As you may recall, there have been a couple of previous posts to this blog about the BBC’s micro:bit project (also see PSF newsblog).
The micro:bit is a small, stripped-down, wearable computer (similar to a Raspberry Pi) and based on an nRF51 chip. The educational project, part of a larger UK program called
Make it Digital,is designed to inspire children to become digital creators by giving away 1 million micro:bits to all 11 year-old UK schoolchildren this spring.
Today I heard some exciting news about the project from our good friend, Nicholas Tollervey, which I’m happy to pass along here.
According to Nicholas:
From the beginning the BBC have said that Python would be one of the possible languages that the device can be programmed in. The PSF is one of around twenty organisations in the project partnership. Since it’s a microcontroller, and the aim is to run Python… well, there’s a pretty obvious answer when trying to combine those two things.
We’re incredibly pleased to announce that MicroPython runs on the BBC’s micro:bit. Furthermore, all the work done so far is being open-sourced today and the repository can be found here: https://github.com/bbcmicrobit/micropython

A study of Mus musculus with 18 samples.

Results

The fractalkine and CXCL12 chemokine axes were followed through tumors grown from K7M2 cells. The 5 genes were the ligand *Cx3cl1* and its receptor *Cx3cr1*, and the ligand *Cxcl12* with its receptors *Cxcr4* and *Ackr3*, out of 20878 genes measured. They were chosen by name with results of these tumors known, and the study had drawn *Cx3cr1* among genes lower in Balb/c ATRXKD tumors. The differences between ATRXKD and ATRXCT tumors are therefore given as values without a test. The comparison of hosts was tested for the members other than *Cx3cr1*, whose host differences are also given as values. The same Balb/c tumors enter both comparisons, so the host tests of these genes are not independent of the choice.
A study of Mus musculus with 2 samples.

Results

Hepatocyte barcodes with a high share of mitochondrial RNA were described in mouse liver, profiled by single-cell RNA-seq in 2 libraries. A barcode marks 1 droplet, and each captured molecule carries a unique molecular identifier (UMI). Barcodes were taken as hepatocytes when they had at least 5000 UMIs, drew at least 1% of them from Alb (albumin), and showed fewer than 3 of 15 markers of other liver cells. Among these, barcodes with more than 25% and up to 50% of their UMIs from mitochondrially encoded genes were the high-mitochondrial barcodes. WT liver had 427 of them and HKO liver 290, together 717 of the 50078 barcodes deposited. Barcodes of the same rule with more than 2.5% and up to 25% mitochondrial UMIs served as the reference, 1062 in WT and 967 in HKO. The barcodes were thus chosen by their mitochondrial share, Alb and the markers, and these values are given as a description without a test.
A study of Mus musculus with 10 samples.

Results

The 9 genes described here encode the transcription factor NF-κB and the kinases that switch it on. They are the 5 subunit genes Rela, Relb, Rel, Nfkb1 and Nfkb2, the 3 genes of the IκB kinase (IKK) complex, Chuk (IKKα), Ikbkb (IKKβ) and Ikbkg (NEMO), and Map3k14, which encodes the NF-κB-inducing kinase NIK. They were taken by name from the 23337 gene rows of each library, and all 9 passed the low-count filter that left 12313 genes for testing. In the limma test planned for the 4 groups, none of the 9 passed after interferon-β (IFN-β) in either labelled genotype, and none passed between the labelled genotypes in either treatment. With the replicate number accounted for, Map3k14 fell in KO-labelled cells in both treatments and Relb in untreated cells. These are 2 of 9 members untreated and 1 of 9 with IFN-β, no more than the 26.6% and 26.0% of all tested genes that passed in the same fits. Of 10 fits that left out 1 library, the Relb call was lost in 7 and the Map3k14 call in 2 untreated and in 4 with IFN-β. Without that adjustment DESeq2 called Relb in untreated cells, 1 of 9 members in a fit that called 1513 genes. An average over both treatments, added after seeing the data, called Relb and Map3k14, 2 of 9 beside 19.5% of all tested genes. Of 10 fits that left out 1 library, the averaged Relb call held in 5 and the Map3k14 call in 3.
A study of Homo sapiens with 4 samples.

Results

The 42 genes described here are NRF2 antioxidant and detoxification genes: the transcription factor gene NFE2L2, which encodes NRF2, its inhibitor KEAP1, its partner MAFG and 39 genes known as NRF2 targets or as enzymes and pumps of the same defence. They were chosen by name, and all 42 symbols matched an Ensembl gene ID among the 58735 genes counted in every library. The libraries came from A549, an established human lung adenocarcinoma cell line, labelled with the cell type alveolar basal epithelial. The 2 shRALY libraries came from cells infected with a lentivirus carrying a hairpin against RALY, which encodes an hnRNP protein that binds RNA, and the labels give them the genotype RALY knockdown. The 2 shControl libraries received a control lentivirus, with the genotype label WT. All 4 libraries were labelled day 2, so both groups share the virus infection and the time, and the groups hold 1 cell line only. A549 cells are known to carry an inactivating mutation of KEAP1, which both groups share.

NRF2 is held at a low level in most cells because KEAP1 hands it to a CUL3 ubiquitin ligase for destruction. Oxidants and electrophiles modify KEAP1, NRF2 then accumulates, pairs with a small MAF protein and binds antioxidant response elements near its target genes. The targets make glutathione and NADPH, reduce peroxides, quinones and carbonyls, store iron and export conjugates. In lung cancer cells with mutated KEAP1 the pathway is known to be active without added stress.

Right now only the code related to the MicroPython port is released. When the device is delivered, all the resources needed to recreate the entire project are to be released under an open license. The laudable intention is to provide an unencumbered legacy so others can build upon and adapt the work of the partnership that has created this device.
To read more details and learn the story of how MicroPython came to be on the micro:bit, check out Nicholas Tollervey’s blog post found here: http://ntoll.org/article/story-micropython-on-microbit
Finally, there is much to be done. The project needs help from people with skill and experience developing for such devices. Could you contribute something to a project that will touch the lives of 1 million children and leave an open legacy that anyone could re-use? If so then please read the above-linked post and head on over to the code repository.
I hope that many of you will take Nicholas up on his request to contribute to this worthwhile project.
I would love to hear from readers. Please send feedback, comments, or blog ideas to me at firstname.lastname@example.org.